Ordering methanol-powered vessels has grown in popularity as an alternative fuel since AP Moller-Maersk began signing newbuilding deals to begin using the fuel in its container ship fleet.
This story is part of a TradeWinds Business Focus exploring shipping companies that are early adopters across a range of green shipping technologies and fuels.
But currently, most methanol is made from natural gas, meaning its role in cutting shipping’s carbon emissions will depend on ramping up development of greener versions of the fuel.
With 19 ships on order, how will Maersk gain access to green methanol to power its vessels in a carbon-neutral way?
In recent months, the Danish shipping giant has opened its pocketbook to team up with companies that are bringing lower-carbon methanol to markets.
In January, the Copenhagen-listed liner operator invested an undisclosed sum in C1, a Berlin-based start-up that has developed a catalytic process that offers low-carbon methanol bunkers without the need to pony up for more expensive sustainable volumes.
That came a month after Maersk signed up with Houston-based SunGas Renewables to buy its entire 390,000-tonne production capacity. The Texas firm will use its System 1000 technique to convert sustainability produced residues from forestry and wood products industries into green methanol.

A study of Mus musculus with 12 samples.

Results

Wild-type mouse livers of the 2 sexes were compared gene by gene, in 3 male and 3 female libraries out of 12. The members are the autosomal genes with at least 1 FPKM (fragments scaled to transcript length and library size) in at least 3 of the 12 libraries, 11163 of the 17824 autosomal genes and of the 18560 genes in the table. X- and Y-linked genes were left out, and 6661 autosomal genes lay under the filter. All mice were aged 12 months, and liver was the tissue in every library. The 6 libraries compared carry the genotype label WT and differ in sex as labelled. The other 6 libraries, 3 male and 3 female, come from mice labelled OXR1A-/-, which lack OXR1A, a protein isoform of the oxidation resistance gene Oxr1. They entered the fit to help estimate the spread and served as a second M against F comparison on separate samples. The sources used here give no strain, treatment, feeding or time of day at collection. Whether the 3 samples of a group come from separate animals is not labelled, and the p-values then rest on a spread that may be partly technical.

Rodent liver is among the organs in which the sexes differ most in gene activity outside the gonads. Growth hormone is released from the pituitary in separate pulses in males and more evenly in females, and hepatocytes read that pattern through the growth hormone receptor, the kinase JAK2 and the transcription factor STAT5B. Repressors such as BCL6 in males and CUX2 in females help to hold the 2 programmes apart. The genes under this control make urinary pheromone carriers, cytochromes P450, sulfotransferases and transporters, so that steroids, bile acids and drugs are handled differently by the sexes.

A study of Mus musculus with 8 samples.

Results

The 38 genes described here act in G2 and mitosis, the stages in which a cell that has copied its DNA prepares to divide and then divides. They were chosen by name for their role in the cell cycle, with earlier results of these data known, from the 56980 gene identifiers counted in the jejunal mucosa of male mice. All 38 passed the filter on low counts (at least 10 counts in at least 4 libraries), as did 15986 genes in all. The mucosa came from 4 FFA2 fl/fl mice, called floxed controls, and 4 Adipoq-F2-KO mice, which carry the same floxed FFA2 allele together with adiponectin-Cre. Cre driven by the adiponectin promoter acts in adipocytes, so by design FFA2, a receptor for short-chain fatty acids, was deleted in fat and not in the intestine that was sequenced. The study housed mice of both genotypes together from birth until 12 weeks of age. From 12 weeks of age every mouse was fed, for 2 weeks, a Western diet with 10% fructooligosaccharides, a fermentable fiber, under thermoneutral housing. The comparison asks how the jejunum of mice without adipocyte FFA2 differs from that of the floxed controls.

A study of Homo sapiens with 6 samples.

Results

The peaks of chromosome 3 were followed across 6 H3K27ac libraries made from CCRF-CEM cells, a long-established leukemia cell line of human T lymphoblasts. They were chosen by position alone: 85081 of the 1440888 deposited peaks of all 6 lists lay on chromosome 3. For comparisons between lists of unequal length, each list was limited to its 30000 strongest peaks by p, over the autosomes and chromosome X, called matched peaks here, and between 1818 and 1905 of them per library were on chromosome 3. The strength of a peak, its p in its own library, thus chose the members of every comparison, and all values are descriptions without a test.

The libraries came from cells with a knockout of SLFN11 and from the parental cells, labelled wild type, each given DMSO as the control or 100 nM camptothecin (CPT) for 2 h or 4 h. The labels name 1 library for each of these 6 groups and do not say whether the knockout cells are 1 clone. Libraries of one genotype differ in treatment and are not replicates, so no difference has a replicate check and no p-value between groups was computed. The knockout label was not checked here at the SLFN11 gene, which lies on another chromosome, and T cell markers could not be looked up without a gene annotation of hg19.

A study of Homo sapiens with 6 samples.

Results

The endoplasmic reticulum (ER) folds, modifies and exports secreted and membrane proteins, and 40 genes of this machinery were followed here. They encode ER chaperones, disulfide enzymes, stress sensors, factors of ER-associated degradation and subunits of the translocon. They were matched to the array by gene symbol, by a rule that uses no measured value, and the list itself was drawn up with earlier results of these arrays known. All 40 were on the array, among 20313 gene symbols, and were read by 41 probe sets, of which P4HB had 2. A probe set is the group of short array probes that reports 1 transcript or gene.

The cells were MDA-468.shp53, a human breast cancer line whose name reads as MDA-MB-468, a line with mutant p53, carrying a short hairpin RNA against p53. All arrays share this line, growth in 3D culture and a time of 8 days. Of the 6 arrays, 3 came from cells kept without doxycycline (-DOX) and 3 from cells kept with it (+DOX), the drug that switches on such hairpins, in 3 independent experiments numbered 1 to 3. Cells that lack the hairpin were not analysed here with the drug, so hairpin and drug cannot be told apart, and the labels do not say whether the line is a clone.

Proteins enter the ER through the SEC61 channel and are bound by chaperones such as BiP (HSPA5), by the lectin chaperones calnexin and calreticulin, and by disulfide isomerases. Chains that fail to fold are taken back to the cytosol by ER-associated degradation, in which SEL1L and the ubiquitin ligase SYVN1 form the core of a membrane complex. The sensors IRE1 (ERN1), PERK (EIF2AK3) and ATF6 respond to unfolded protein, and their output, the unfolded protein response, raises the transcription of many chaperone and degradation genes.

An artist’s rendering shows Maersk’s planned methanol-fuelled ships. Photo: AP Moller-Maersk
After Maersk’s groundbreaking orders, several other shipowners, including in the container shipping space, have placed contracts for methanol-fuelled vessels.
According to Clarksons, some 43 vessels of those ordered in 2022 were dual-fuelled for operation on methanol. That represented 5m gt, or 7% of the orderbook.
In container shipping, HMM, CMA CGM, China Cosco Shipping and MPC Container Ships have all placed orders for vessels powered by the fuel, and Cargill and Mitsui & Co have teamed up to commission the first bulkers to run on methanol.
“We also see that we are not the only ones showing demand for green methanol, which is very good, because it really is a sign that this transition is getting going,” said Berit Hinnemann, head of decarbonisation business development at Maersk.
It was Maersk’s ninth letter of intent to buy methanol for its ships.
Berit Hinnemann, head of decarbonisation business development at AP Moller-Maersk, told TradeWinds the reason the reason for the order of 19 ships in the first place was to move at “maximum speed” towards energy transition.
That involves tackling the challenge of solving alternative fuels’ chicken and egg problem — whereby shipowners do not invest in the technology because of doubts over supply and suppliers do not invest in new supply because of doubts over demand — with similar speed.
“It is really about 2030,” she said, referring to the year that Maersk aims to cut its emissions per transported container by 50%. “It is really about getting the supply rolling and getting the market created … and we see it happening.”
She said Maersk is aiming to bring green methanol to the vessels as soon as possible. It is looking to develop the partnerships it has made and it is in conversations for new ones.
Hinnemann said the partnerships include both types of green methanol: bio-methanol, which is produced from feedstocks such as agricultural residues, and e-methanol, which is made using renewable electricity.